LinguEast: Indian English – Grammar

Indian English grammar contains many deviations from standard English forms, they are either a result of direct transfers of grammar features from native languages, of incomplete command of standard English forms, but can also be unique patterns that developed in India.

All those features of Indian English grammar will vary geographically – India IS huge and Indian people speak many different languages, besides English.

From what Wikipedia has to offer on the topic, I am going to present a few features I also treated as typical in my seminar paper some time ago: it should suffice to present the unbelievable English from the Indian subcontinent.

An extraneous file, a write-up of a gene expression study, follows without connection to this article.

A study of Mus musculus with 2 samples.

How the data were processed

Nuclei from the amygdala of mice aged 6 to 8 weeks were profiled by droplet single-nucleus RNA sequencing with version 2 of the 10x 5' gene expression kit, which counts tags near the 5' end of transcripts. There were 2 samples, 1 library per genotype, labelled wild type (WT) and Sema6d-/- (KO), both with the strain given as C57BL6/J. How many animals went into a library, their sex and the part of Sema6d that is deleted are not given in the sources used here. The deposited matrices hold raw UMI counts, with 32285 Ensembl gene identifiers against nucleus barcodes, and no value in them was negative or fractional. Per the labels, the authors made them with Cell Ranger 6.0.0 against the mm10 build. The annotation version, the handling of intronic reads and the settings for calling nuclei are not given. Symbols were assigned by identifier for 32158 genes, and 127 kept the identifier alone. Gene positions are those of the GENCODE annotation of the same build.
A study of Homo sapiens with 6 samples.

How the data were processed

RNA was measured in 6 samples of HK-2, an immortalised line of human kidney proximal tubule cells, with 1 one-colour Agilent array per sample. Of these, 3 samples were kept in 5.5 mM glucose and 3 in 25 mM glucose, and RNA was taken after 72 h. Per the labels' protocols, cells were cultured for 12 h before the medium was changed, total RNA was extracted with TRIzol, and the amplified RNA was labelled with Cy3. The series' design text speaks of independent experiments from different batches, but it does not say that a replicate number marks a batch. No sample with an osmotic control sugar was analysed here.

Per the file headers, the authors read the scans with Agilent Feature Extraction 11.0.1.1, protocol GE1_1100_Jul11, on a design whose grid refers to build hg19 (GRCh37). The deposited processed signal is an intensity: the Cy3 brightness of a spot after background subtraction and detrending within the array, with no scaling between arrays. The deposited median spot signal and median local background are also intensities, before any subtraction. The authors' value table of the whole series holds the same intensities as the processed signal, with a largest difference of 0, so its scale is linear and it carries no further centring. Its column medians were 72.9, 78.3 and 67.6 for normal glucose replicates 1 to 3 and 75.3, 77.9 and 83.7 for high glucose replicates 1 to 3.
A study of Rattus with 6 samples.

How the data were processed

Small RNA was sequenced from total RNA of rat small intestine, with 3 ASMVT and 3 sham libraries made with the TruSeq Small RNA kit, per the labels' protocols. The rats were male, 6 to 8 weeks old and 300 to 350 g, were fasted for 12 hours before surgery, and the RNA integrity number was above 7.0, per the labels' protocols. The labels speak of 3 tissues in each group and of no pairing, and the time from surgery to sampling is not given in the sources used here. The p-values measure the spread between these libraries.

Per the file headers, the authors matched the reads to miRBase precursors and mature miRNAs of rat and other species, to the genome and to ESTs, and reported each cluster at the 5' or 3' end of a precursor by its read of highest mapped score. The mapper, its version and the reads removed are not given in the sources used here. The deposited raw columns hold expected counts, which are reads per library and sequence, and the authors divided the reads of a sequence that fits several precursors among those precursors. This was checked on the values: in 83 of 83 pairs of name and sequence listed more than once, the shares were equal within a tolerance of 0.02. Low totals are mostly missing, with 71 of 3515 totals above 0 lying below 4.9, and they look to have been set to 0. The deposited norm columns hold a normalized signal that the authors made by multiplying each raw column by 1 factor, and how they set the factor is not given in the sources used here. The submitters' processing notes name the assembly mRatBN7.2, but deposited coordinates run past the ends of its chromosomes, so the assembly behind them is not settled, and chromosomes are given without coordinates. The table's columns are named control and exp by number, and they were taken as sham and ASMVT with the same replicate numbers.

a) Progressive tense in stative verbs (Hindi influence): She is knowing the answer.

b) Different prepositions: to discuss about, pay attention on

c) Use of general tag questions: You are going, isn’t it? He’s here, no?

d) Agreement with the form, not the content of a question: A. You didn’t do it? B: Yes, I didn’t.

 

… and many others. Generally, one could claim Indians use English the same way other speakers of English as a foreign language may do it: they adapt it to fit their native language concepts, they use the material to form new vocabulary items, they don’t bother with the official grammar etc. A Canadian and an Australian once told me they use different prepositions from Americans and the English, too, and tend to get corrected by the speakers of those two “main” Englishes.

Let me conclude the series with an Indian English expression:

Don’t worry about small-small things.